Rusape area prosecutor Mr Tirivanhu Mutyasira argued that Rushamba, who is known by hordes of his followers as “Tenzi Nehoreka”, was supposed to conform to the court dress code and could not be put to trial in his famous cultic regalia.

“This is a courtroom and the accused must go out and remove his gown and dress properly,” said Mr Mutyasira.

Nehoreka, who was arrested early this month for allegedly stripping Chief Tandi of his chieftainship badge, saying he was an impostor, was given two hours by magistrate Mr Shingi Mutiro to look for appropriate clothing.

At 11am, he emerged from his green Toyota Gaia car dressed to kill. He was donning an immaculate black suit with a matching white shirt and navy blue necktie.

Strangely though, he wore some black plastic sandals.

Part of his hair was pleated and the rest of the hair was uncombed.

He maintained a rare composure as the State put charges to him.

Nehoreka complained of hearing complications, and requested that the interpreter, Ms Hazel Mahati, switches positions to the accused dock. He pleaded not guilty.

“I do not know anything about these charges. I deny them and I do not know why I was arrested.

“My lawyer is going to explain everything,” said Nehoreka, who was a self-actor. The said lawyer was not in court, prompting Mr Mutiro to ask him the name of the lawyer.

Nehoreka showed some confusion and could not recall the name of the defence counsel nor proffer a convincing explanation as to why he was not in attendance.

“I do not remember his name, but I think he is on the way coming. I expect him to be here . . .,” said Nehoreka before being interjected by one of his aides from the gallery.

“The lawyer is coming.

“He is on the way. Something must have delayed him, but he is coming,” said the interjector.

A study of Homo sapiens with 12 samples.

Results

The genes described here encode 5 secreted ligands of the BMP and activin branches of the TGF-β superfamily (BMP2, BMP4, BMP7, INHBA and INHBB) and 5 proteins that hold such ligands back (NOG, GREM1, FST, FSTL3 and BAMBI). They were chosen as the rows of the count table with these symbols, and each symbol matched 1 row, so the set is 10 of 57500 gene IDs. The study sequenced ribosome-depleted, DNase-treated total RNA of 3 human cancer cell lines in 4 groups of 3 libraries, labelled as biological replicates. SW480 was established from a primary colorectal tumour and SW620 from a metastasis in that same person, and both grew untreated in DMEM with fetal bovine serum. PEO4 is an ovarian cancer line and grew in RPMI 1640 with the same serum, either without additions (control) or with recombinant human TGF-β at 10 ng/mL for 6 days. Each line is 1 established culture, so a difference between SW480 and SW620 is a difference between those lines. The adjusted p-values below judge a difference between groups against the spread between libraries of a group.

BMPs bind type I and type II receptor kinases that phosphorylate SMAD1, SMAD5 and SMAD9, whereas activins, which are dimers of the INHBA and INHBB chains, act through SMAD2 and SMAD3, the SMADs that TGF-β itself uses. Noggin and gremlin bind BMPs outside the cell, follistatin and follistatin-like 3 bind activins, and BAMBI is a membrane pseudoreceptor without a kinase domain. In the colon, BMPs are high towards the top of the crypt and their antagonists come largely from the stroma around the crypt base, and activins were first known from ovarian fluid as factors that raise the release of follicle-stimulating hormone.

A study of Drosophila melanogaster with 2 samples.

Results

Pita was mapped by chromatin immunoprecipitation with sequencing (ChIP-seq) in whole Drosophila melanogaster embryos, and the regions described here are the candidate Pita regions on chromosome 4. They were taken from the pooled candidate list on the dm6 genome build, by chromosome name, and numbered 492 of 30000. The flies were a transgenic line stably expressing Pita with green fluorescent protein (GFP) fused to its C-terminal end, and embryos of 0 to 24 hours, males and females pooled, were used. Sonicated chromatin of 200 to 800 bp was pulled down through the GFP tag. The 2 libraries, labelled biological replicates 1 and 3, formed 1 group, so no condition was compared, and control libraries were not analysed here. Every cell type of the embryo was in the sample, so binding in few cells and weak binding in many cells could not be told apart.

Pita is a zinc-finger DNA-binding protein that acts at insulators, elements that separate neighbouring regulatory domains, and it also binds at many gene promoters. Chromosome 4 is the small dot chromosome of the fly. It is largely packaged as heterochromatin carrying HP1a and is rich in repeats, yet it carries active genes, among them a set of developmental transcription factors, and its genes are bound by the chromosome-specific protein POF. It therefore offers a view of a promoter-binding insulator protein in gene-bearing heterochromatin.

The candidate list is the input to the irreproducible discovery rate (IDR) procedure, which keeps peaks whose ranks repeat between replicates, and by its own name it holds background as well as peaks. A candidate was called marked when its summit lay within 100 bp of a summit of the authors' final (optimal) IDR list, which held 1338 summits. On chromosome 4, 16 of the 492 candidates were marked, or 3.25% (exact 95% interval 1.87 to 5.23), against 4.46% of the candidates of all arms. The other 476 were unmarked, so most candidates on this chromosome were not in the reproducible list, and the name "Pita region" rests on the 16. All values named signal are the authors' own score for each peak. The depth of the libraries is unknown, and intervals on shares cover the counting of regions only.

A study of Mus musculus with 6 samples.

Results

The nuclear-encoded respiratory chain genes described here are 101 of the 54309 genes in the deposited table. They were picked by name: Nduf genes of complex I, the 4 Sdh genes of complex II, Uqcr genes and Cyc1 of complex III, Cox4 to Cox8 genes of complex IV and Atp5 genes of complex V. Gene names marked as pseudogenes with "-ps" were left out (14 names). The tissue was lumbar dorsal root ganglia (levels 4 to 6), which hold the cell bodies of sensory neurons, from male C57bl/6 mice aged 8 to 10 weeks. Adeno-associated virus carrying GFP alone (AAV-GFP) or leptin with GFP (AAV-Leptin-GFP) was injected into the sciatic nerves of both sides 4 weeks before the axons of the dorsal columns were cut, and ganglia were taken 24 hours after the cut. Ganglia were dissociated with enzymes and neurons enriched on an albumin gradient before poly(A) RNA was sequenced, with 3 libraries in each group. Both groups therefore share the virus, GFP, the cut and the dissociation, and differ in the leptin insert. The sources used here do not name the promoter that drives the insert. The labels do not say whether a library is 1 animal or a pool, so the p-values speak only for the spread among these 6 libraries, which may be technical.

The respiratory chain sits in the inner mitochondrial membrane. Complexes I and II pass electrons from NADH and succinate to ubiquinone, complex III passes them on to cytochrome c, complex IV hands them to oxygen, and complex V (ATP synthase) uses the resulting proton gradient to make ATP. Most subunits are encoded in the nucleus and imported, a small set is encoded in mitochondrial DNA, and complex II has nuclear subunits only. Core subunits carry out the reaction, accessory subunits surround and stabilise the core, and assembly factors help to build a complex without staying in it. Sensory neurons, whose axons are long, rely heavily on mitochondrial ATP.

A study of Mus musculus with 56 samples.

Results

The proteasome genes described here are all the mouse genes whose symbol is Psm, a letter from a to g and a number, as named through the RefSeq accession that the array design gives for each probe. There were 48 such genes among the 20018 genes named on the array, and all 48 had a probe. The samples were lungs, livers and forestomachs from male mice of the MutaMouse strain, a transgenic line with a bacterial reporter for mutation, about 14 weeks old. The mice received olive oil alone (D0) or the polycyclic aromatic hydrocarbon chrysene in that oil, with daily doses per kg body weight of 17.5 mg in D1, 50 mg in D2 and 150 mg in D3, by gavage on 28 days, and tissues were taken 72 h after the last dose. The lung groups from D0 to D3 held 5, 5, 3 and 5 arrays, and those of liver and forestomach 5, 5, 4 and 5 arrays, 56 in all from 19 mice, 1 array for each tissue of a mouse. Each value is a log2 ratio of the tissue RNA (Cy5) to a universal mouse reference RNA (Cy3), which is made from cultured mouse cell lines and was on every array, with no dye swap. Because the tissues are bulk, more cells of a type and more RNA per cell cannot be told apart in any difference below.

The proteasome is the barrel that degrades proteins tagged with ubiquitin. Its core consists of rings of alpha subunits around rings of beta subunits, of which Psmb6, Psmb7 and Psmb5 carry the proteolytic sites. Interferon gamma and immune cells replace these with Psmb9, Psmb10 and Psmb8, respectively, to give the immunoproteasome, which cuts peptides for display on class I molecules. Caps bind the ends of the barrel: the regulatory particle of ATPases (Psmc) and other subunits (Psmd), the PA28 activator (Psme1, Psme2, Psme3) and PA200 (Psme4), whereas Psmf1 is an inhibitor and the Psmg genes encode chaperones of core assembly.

The interjection courted Mr Mutiro’s ire and he shot him down into silence.

Mr Mutiro later gave Nehoreka up to 2.15pm to get a lawyer, failure of which he would be put to trial as a self-actor.

Immediately after the adjournment, Nehoreka and his followers went on a “lawyer-shopping” spree after it emerged that his lawyer, Mr Tawanda Takaindisa of Mugiya, Macharaga Legal Practitioners, was not coming.

At lunch time, The Manica Post spotted Nehoreka and his team at Mr Maxwell Chiwanza, of Chiwanza and Partners Legal Practitioners. Mr Chiwanza applied for a postponement of the matter to March 4 to allow the defence adequate time to prepare.

Mr Chiwanza said the defence had not been served with State papers. “He was a self-actor on his previous remand when he was given the trial date, he did not know the procedures of getting the State papers,” said Mr Chiwanza.

Mr Mutyasira did not oppose the application, saying it was the accused’s right to be represented by a lawyer of his choice.

He also said the defence would be furnished with the State papers thereafter. Nehoreka’s arrest prompted a group of self-styled war veterans to stage a night vigil at ZRP Rusape, demanding his release.

His supporters, travelling in a convoy of 15 vehicles, then besieged the police station chanting slogans, liberation songs and beating drums, prompting police to summon armed reinforcements from Mutare.

Nehoreka allegedly instructed his followers to toyi-toyi around the CBD, bringing business to a halt.

He was escorted to court mid-Saturday morning under tight security and police had to form a barricade outside the court to bar his supporters from attending his hearing.

Nehoreka described himself as the Spear of Zimbabwe and Spear of Africa and his supporters were clad in black gowns and doeks.